NATO troops free kidnapped reporter in Afghan raid
Kunduz: NATO troops freed a kidnapped British reporter for the New York Times in northern Afghanistan on Wednesday, but his Afghan colleague, a British soldier and at least one civilian were killed in the rescue.
New York Times reporters Stephen Farrell and Mohammad Sultan Munadi were abducted while attempting to visit the scene of a NATO air strike that killed scores of Afghans in the north of the country.
In an account published on the newspaper`s website, Farrell said he was freed by commandos during the raid, but Munadi was shot dead in front of him while they tried to run to safety.
"We were all in a room, the Talibs all ran, it was obviously a raid," Farrell said.
The two men ran outside, he said. "There were bullets all around us. I could hear British and Afghan voices."
Farrell said Munadi went forward, shouting: "Journalist! Journalist!" but dropped in a burst of gunfire. Farrell did not know whether the shots came from insurgents or the rescuers.
"He was lying in the same position as he fell," Farrell said. "That`s all I know. I saw him go down in front of me. He did not move. He`s dead. He was so close, he was just two feet in front of me when he dropped."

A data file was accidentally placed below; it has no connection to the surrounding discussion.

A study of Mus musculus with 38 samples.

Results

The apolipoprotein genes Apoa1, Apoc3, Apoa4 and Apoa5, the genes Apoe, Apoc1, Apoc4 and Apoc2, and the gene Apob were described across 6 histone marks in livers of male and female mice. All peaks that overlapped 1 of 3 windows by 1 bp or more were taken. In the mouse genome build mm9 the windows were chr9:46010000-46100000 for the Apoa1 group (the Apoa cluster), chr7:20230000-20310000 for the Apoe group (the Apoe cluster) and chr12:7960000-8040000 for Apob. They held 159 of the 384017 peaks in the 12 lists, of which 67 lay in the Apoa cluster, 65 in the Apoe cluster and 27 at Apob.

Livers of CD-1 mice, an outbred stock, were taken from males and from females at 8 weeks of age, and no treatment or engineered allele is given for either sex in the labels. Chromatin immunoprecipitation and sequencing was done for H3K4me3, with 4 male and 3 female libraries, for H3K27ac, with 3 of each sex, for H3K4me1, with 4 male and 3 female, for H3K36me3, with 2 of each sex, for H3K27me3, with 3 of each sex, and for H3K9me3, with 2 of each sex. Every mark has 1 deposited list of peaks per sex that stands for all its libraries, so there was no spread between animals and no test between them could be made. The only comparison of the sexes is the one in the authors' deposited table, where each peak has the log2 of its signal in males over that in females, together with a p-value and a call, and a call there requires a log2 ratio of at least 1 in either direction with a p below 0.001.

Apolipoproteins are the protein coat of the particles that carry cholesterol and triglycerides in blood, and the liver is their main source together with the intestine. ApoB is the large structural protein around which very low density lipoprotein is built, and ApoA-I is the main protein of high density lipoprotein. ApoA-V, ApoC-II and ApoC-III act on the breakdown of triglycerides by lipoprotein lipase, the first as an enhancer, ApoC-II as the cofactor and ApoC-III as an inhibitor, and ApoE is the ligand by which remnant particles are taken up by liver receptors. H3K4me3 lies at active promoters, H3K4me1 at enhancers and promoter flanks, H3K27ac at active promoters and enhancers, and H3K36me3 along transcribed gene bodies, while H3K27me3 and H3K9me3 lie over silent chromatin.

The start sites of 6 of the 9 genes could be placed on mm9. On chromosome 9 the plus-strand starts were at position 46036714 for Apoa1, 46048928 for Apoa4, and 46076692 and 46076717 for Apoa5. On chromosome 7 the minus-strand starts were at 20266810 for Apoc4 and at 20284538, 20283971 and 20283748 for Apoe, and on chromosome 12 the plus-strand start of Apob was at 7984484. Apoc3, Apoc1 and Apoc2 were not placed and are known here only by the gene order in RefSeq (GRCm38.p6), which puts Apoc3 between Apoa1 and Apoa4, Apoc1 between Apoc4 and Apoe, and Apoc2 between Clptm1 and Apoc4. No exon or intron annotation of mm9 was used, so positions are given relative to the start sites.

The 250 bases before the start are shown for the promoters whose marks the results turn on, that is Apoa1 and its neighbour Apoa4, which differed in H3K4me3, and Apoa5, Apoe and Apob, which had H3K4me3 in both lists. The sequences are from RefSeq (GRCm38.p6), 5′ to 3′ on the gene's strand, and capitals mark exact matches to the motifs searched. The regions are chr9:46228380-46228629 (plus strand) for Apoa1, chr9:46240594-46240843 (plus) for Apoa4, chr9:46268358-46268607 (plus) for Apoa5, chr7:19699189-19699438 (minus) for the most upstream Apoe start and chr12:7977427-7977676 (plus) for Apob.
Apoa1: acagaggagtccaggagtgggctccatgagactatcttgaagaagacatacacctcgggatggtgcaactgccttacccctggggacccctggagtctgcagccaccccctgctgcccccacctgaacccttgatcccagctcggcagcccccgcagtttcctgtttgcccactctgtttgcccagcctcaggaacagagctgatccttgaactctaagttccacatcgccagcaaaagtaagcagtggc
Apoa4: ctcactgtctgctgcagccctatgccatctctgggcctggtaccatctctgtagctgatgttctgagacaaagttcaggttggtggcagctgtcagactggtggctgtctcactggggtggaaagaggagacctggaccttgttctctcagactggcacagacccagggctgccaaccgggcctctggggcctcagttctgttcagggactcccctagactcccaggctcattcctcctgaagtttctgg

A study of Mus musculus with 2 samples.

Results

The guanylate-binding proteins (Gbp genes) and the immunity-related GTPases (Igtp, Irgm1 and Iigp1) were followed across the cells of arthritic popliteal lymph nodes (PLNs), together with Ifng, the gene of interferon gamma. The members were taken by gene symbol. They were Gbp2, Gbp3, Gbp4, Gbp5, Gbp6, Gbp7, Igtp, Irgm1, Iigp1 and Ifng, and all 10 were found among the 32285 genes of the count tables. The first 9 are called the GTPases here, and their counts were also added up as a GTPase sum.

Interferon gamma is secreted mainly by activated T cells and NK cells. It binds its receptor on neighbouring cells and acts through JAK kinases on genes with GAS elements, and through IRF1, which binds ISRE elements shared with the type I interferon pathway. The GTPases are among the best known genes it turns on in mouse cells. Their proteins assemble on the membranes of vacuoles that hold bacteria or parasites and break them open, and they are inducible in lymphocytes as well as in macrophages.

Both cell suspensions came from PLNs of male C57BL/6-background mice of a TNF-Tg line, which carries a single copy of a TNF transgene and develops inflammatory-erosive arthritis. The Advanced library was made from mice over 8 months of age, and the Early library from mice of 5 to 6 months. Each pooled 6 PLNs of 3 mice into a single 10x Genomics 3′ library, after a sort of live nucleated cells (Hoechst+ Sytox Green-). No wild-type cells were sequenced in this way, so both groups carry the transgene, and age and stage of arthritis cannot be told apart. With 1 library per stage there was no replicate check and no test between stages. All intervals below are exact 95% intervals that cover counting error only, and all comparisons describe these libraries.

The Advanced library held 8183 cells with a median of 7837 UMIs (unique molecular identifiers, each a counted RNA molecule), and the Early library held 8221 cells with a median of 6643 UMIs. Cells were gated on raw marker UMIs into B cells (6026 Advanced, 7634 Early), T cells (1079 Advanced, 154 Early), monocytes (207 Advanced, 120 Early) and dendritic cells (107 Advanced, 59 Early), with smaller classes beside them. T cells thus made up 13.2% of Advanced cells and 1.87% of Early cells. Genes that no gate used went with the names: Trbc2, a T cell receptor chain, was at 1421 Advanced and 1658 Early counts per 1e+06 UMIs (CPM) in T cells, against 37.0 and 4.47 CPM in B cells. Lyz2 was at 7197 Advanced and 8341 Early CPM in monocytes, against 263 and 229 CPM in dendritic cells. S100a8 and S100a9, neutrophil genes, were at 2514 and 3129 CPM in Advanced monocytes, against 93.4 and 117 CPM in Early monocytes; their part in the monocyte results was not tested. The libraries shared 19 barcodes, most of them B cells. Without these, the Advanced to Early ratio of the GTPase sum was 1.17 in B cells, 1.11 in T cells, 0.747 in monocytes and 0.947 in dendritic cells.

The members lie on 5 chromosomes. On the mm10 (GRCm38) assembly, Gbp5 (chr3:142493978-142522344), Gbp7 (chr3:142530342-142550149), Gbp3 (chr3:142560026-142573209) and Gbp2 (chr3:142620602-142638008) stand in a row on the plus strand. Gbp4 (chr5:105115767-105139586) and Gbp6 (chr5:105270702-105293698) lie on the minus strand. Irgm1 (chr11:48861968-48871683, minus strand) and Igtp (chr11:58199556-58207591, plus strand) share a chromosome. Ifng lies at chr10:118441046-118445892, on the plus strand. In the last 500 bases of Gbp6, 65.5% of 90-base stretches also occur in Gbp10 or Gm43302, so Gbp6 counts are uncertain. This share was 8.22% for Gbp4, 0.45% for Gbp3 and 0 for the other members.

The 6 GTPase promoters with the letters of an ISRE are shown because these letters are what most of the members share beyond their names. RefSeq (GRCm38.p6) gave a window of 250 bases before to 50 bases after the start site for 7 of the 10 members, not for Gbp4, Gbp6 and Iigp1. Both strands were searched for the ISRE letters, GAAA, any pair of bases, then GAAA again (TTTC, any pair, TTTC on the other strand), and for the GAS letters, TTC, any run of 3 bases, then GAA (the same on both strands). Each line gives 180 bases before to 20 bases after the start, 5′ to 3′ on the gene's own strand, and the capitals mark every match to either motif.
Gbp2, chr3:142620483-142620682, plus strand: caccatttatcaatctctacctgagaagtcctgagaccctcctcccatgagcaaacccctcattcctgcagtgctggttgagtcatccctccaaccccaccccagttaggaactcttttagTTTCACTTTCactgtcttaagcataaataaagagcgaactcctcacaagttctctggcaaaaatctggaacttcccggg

Bill Keller, executive editor of The Times, said: "We`re overjoyed that Steve is free, but deeply saddened that his freedom came at such a cost. We are doing all we can to learn the details of what happened. Our hearts go out to Sultan`s family."
The British Ministry of Defense said a British soldier had also been killed in the raid and his family had been notified of his death. It gave no further details.
Abdul Waheed Omarkheil, district chief of Char Dara district in Kunduz province, said an Afghan woman was also killed during the raid in the house where the two men were being held.
The district was the site of last week`s NATO air strike, called in by German forces, which killed scores of Afghans. Farrell and Munadi had gone to the area to report on the incident, in which NATO acknowledges civilians were killed.
The area is largely controlled by Taliban fighters, and Afghan police had advised Western journalists not to travel there because there was a strong chance they would be kidnapped.